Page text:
I'm going to do something I hate to do, especially in a column devoted to the celebration of movie theaters. I'm going to tell you to see a movie, but I'm going to recommend you avoid it on the big screen and wait for video. Sure, it's been common practice since the invention of the VCR for critics to identify movies that are good enough to be seen on a television yet not necessarily worth the price of a movie ticket, but this is different. This isn't some un-cinematic, talky little film without the need for large-scale projection. It's a movie that has absolutely no business being shown in theaters. It's Cloverfield.
Unfortunately, I'm a bit late in my plea, and at least ten million people have seen this movie by the time this piece goes live (considering there's more than 300 million people living in the United States, it doesn't seem like as big a hit when looking at individual tickets sold). But just in case you've been waiting for the crowds to die down (or you're waiting for Marcus Theatres to begin showing it), I urge you to give it just a few more months. In no time Cloverfield will be available on DVD, HD DVD, iTunes and other more appropriate formats, and you can see it as it should be seen.
You may be thinking that my reasoning has to do with the nauseating effect the movie has on many theatrical audiences. Sure, Cloverfield is yet another movie that ignores the fact that auditoriums have seats situated really close to the screen, but I have nothing necessarily against shaky camera work. If I did, I wouldn't recommend you watch Breaking the Waves on the big screen rather than on a TV set. But despite the fact that that film also made close-seated viewers sick to their stomachs, it still completely belongs on the big screen. No, if I were writing this just because of the hand-held cinematography, I would simply do as other critics are doing and recommend you sit in the back (even if time and time again I complain about movies and formats that don't accommodate all moviegoers equally). It's been written here and there and everywhere how Cloverfield is a monster movie for the YouTube generation. It sure is. So why is it playing at the multiplex rather than on the computer? Is it because Hollywood still needs theatrical exhibition to legitimize its movies? Is it because the YouTube generation isn't actually ready for a studio-produced movie to be distributed directly to the Internet, even if it is more appropriate to that arena? I answer yes to both questions, but reluctantly. As much as I love movie theaters, would hate for them to become extinct and don't believe they ever will go away, I don't think Hollywood exactly needs the theater industry. I also think today's audiences could be ready for an Internet-exclusive movie, if one was marketed well. However, I think studios are a bit too lazy to really give such a thing a shot.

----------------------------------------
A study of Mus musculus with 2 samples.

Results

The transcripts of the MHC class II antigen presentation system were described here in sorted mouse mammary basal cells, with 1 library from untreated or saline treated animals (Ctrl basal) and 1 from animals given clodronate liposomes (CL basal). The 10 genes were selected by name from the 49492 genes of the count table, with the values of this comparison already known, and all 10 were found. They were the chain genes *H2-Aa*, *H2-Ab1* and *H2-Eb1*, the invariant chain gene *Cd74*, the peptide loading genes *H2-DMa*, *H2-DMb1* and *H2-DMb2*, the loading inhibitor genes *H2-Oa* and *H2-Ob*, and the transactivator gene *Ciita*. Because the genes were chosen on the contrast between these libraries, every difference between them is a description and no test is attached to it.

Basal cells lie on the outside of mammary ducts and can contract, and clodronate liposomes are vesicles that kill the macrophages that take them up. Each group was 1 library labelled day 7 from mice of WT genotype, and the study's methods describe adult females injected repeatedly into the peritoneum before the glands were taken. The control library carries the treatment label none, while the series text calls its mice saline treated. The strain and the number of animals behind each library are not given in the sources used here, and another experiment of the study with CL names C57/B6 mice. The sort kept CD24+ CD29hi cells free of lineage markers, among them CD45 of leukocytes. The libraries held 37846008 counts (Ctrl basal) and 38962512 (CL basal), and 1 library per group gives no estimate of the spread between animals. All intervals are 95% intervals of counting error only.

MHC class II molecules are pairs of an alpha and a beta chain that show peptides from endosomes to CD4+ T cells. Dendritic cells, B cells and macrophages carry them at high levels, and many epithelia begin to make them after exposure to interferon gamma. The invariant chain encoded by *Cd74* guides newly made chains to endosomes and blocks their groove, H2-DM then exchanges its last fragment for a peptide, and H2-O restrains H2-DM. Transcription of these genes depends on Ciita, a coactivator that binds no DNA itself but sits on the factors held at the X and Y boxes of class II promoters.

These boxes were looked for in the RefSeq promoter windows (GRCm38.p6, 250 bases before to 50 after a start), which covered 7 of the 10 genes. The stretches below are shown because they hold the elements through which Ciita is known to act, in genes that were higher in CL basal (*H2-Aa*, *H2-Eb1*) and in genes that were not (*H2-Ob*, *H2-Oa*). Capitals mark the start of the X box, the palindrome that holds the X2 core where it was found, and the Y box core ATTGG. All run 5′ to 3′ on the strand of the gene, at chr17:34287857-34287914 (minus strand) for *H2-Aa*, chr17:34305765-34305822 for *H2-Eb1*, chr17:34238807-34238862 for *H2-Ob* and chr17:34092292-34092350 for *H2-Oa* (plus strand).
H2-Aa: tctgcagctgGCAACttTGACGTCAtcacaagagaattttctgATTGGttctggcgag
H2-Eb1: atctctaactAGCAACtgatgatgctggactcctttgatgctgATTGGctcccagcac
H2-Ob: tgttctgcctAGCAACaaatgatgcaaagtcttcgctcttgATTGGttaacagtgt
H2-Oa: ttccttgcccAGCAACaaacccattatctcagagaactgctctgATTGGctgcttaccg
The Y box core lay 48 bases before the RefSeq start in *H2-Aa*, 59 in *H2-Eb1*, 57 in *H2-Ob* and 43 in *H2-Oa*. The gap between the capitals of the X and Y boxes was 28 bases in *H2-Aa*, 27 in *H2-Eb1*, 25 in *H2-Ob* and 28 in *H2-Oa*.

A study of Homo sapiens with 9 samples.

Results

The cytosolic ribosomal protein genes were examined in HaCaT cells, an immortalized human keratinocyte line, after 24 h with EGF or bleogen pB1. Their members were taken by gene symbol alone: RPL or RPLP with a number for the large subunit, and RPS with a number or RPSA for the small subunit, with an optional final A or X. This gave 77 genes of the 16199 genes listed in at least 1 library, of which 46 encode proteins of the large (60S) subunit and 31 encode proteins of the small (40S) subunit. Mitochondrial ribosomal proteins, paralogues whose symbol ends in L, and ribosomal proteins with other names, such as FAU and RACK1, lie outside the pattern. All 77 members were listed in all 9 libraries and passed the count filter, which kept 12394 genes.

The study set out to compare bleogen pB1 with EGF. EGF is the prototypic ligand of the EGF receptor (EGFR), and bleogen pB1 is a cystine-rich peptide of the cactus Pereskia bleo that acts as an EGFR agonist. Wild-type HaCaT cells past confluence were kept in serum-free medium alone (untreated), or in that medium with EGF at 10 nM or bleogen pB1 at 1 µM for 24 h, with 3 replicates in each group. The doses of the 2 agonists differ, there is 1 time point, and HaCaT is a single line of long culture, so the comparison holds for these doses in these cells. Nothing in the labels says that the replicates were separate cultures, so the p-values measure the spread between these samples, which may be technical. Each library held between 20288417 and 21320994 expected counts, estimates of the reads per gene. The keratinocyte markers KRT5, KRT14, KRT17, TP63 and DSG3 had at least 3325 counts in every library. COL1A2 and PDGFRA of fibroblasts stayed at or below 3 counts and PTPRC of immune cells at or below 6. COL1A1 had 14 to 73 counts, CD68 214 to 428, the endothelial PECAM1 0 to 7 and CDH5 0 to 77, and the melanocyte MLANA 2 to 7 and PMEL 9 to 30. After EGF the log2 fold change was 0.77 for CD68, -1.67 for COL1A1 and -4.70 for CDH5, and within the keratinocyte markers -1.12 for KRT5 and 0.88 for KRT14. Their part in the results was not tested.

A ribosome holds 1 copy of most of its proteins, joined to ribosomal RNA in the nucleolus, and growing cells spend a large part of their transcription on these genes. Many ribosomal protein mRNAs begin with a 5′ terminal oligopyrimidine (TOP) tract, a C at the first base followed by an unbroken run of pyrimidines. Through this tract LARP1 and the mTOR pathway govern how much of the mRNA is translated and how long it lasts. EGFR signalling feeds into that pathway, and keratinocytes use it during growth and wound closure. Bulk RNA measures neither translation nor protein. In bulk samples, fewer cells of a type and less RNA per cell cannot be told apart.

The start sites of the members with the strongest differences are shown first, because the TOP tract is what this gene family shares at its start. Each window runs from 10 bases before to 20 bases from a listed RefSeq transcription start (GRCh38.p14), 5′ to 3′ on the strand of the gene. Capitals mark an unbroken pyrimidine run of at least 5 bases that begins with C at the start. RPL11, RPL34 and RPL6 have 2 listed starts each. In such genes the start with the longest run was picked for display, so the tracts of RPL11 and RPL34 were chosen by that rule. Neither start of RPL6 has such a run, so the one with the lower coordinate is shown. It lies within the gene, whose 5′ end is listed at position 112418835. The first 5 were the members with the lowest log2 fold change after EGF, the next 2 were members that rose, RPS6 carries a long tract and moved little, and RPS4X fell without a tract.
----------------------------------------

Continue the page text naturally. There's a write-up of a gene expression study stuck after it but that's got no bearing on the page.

And so we have a movie like Cloverfield, which does in fact look like and is intended to look like a really long YouTube video (though not too long; the movie is only 85 minutes), delivered inappropriately to screens that are designed to present pictures with much more going on in them. Screens that are about 2000 times the size of a YouTube screen or iPod screen. But my beef is not solely about the appropriateness of screen size. I've spent the last twenty years dealing with studio movies obviously meant more for a television screen with their close-ups and fast-paced editing. I also just think it makes more sense for a movie shot on a video camera, which clearly represents the modern trend of narcissistic self-documentation and isolationist viewing habits, to be experienced in a non-sociable way. For moviegoers to watch Cloverfield in a communal setting and on such a big screen kind of allows them to easily miss the point.
This where you decide you'll leave me a comment about how I'm taking Cloverfield too seriously. That it's just a monster movie. OK, then why isn't it shot like a conventional monster movie? It's not just to be innovative -- which it isn't anyway -- and different; it's to cater to a world brought up on home videos and, more recently, web content. A movie like Cloverfield therefore has no place in the antiquated realm of the movie theater. It belongs on a screen that allows for browsing, that can be rewound or fast-forwarded or clicked on for supplementary content (such as the viral-marketing accompaniment videos and back-stories and other bonus materials found on DVDs and websites).
I'm fine with Cloverfield being of a different kind of motion picture than those I feel suitable for the big screen. I'd probably even enjoy it if I watched it at home on some sort of device instead of at the multiplex. Just as I think video games have their place in the wider category of visual entertainment and are just as important today as are non-user-generated entertainment like old-fashioned movies, I think Cloverfield is an important work of a different variety and mean no criticism of its form or format of storytelling or craft. I just don't see what reasoning it has for being shown on a big screen, and don't feel it artistically appropriate to be presented that way. Considering all the more cinematic and expansively shot films that are still being made and are hardly shown in American movie theaters, if at all, that we often have to settle for seeing on DVD, it's just not right that a movie like Cloverfield should be hogging so many cinema auditoriums with its YouTube-ready visuals and context.